How to save water in garden this spring
Spring is officially here and with the current Covid-19 lockdown situation, now couldn’t be a better time to get out into the garden. After following our guide to preparing your garden for spring, your outdoor space should now be ready, and waiting for a few creative touches.
Whether you plan to upgrade your garden with a set of potted plants, want to fine-tune your beautiful borders with some new additions, or wish to focus on creating a lush green lawn that’s the envy of all your neighbours, water is a key ingredient for fulfilling all of your green-fingered ambitions.
Despite annual UK water bills dropping by £17 this April after years of increases, the average water bill still sets households back £396.60 per year. It is one household expense none of us can avoid, but with some simple changes in the garden you can save water and lower your bills at the same time. Below, we share our top tips for saving water in the garden this spring.
Invest in a water butt
Take advantage of the unpredictable British weather by installing a water butt in your garden. Water butts are simple to fit and you can use the collected rainwater to keep your garden looking great all year round.
Southern Water explains more about why it makes perfect sense to invest in a water butt, not just for lowering your water bill – but for enhancing the health of your garden and the wider environment:
“Just one water butt can hold enough rainwater to fill a watering can 25 times. Based on the average rainfall in the South East, you could fill your butt up to 450 times a year. All that free water means you can use less tap water, saving you money on your bills.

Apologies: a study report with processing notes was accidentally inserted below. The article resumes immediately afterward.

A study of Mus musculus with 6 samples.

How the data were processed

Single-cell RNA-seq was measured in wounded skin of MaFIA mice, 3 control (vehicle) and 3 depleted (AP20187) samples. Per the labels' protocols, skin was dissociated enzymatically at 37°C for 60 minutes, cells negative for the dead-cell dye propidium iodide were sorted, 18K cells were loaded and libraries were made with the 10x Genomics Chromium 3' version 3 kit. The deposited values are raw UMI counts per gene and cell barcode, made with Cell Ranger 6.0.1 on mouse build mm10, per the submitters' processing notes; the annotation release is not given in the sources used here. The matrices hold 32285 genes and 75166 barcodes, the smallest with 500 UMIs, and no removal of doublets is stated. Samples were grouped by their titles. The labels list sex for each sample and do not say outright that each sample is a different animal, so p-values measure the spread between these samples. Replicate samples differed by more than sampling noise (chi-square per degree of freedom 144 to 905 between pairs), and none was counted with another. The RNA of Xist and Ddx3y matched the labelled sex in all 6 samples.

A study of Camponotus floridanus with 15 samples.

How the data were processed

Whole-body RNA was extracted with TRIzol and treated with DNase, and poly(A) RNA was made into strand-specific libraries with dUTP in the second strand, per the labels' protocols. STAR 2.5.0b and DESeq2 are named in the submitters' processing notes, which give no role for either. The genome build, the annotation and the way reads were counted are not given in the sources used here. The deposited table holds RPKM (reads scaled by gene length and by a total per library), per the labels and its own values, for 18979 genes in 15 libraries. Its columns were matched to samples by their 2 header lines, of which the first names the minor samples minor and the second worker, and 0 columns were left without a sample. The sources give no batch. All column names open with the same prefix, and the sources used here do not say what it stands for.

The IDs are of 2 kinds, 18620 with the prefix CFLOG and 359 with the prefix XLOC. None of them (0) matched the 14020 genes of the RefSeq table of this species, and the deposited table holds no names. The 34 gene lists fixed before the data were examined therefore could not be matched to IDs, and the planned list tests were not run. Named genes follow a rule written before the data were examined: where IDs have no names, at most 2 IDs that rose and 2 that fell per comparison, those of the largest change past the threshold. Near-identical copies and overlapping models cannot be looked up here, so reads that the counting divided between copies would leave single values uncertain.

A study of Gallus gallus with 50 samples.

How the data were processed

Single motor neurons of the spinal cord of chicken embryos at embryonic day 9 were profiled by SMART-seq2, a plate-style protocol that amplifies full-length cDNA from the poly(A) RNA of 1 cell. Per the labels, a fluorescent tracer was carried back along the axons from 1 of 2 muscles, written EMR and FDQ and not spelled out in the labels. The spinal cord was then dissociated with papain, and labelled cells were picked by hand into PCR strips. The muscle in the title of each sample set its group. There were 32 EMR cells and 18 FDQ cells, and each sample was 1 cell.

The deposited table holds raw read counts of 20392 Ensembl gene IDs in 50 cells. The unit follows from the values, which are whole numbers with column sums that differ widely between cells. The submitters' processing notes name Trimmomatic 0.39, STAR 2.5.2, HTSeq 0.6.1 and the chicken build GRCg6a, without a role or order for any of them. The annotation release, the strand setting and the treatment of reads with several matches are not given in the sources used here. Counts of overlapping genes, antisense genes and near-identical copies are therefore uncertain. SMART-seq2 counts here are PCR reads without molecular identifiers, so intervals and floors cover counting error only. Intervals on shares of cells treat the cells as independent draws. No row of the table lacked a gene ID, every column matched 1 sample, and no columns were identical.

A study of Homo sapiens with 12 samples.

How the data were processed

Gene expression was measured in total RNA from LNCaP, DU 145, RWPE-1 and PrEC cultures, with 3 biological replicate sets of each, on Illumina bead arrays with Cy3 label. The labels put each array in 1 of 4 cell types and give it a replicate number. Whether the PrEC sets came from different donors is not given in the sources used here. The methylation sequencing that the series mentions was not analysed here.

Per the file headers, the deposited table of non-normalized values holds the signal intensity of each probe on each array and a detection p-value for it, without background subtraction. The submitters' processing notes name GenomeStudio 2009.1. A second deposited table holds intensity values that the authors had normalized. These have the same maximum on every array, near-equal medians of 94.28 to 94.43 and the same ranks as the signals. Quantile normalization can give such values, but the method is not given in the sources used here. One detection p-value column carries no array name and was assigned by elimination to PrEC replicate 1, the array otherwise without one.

Rainwater is full of nutrients, so your plants will prefer it to tap water. Plus, the less tap water you use, the less we have to take from rivers, reservoirs and underground sources. So, you’ll be reducing pressure on the environment.”
Make water work harder
When you water your plants can actually help the water you use in your garden go further. As well as reducing water usage, adjusting watering times can boost plant growth leading to a lusher, more beautiful garden.
Water potted plants in the afternoon and the rest of your garden in the early morning before temperatures rise to ensure good water supply and optimum conditions for growing.
As a rule of thumb, avoid watering plants and the wider garden in the evening. Due to lowering temperatures at night, moisture is unlikely to evaporate fully, and will subsequently create a breeding ground for fungus that damages foliage.
Recycle water from your home
Another way to make water go further and reduce water usage in your garden is to harvest water from other daily activities. Water used to steam or boil vegetables can be saved, cooled, and used to water plants instead of being tipped down the sink. This water will be full of nutrients from the vegetables too providing the perfect fertiliser for all plant varieties.
Catching water that would be wasted while waiting for the shower to heat up can also provide enough water for your garden every day.
When you’re working hard in the garden this spring, don’t forget to keep yourself hydrated. Discover the best times to drink water and enjoy day-long hydration whatever you get up to.